Colleen Taylor, Yeats Fellow in Irish Literature


Dr. Colleen Taylor specializes in Irish and British literature of the long eighteenth century, the environmental humanities, and new materialisms.

As the inaugural Yeats Fellow in Irish Literature, she will embark on a new project that examines Irish culture through the lens of the blue humanities. Specifically, she will explore how Irish writing invokes the subversive potentials of oceanic nonhuman encounter, focusing on topics like shipwrecks, sea mythos, seaweed collecting, and sea life. Her project seeks to formulate the Irish blue imaginary as a counter-narrative to British naval mastery and to theorize the gendered and decolonial implications of engaging the ocean in Irish writing.

While she was an NEH Fellow at the Keough-Naughton Institute in the 2021-2022 academic year, Dr. Taylor completed her first monograph, titled Irish Materialisms: The Nonhuman and the Making of Colonial Ireland, 1690-1830, which is forthcoming. She has published articles in Eire-Ireland, Tulsa Studies in Women’s Literature, Persuasions, as well as a chapter in Ireland, Enlightenment, and the English Stage (Cambridge UP). Her latest publication, “Edgeworth’s ‘Great Coat’: A Material-Semiotic Reading of the Irish Mantle and Novelistic Subjectivity” is forthcoming in Eighteenth-Century Fiction (Spring 2023).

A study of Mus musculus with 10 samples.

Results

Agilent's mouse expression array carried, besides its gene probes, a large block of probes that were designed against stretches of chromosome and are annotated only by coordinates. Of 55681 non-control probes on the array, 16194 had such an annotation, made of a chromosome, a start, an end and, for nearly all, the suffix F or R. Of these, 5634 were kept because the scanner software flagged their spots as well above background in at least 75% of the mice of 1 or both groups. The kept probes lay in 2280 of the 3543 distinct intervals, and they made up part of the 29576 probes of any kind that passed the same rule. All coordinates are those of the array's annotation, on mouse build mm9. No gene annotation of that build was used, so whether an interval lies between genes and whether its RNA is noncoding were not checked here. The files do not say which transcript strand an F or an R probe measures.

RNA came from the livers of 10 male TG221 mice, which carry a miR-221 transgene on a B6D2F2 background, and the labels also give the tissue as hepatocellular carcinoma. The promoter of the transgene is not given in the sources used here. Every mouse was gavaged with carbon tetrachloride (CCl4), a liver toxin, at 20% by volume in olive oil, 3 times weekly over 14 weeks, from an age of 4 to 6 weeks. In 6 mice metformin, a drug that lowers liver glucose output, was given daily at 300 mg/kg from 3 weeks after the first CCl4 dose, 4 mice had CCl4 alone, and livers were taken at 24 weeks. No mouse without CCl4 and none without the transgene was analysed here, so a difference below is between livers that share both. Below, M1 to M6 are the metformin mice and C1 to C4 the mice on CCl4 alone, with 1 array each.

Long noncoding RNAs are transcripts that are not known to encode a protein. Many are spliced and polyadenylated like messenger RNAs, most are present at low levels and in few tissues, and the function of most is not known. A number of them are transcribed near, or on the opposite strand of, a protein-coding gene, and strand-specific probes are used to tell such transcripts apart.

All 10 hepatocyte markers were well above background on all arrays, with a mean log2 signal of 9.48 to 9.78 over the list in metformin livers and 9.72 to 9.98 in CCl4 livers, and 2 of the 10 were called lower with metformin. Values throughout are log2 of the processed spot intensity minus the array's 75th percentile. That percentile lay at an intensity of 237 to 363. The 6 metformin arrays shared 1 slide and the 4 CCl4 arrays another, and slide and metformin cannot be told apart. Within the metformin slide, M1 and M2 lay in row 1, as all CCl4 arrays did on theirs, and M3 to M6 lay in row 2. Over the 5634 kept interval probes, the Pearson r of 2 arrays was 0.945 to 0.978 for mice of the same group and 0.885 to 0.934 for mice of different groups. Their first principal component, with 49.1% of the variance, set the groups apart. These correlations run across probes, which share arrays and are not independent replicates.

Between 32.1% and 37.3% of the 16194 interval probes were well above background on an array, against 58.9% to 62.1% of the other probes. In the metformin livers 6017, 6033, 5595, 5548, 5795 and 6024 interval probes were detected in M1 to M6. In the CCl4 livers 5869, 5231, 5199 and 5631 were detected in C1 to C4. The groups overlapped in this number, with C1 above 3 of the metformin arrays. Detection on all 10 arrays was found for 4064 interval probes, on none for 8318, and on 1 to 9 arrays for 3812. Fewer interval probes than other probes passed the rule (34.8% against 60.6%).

Dr. Taylor earned her Ph.D. from Boston College in 2020, where she was the recipient of the Dalsimer Irish Studies Fellowship, the Morrissey College of Arts and Sciences Dissertation Fellowship, and the Irish Studies Exchange Fellowship at Queen’s University Belfast. Before coming to Notre Dame, she was an Irish Research Council Postdoctoral Fellow with the School of English at University College Cork.

Dr. Taylor teaches classes on eighteenth- and nineteenth-century British literature, feminist theory, Irish Studies, and satire. In 2018, she won the American Conference for Eighteenth-Century Studies' Innovative Course Design competition for her course on Irish women’s writing before 1900. She looks forward to teaching courses on the environmental humanities and Irish literature at Notre Dame.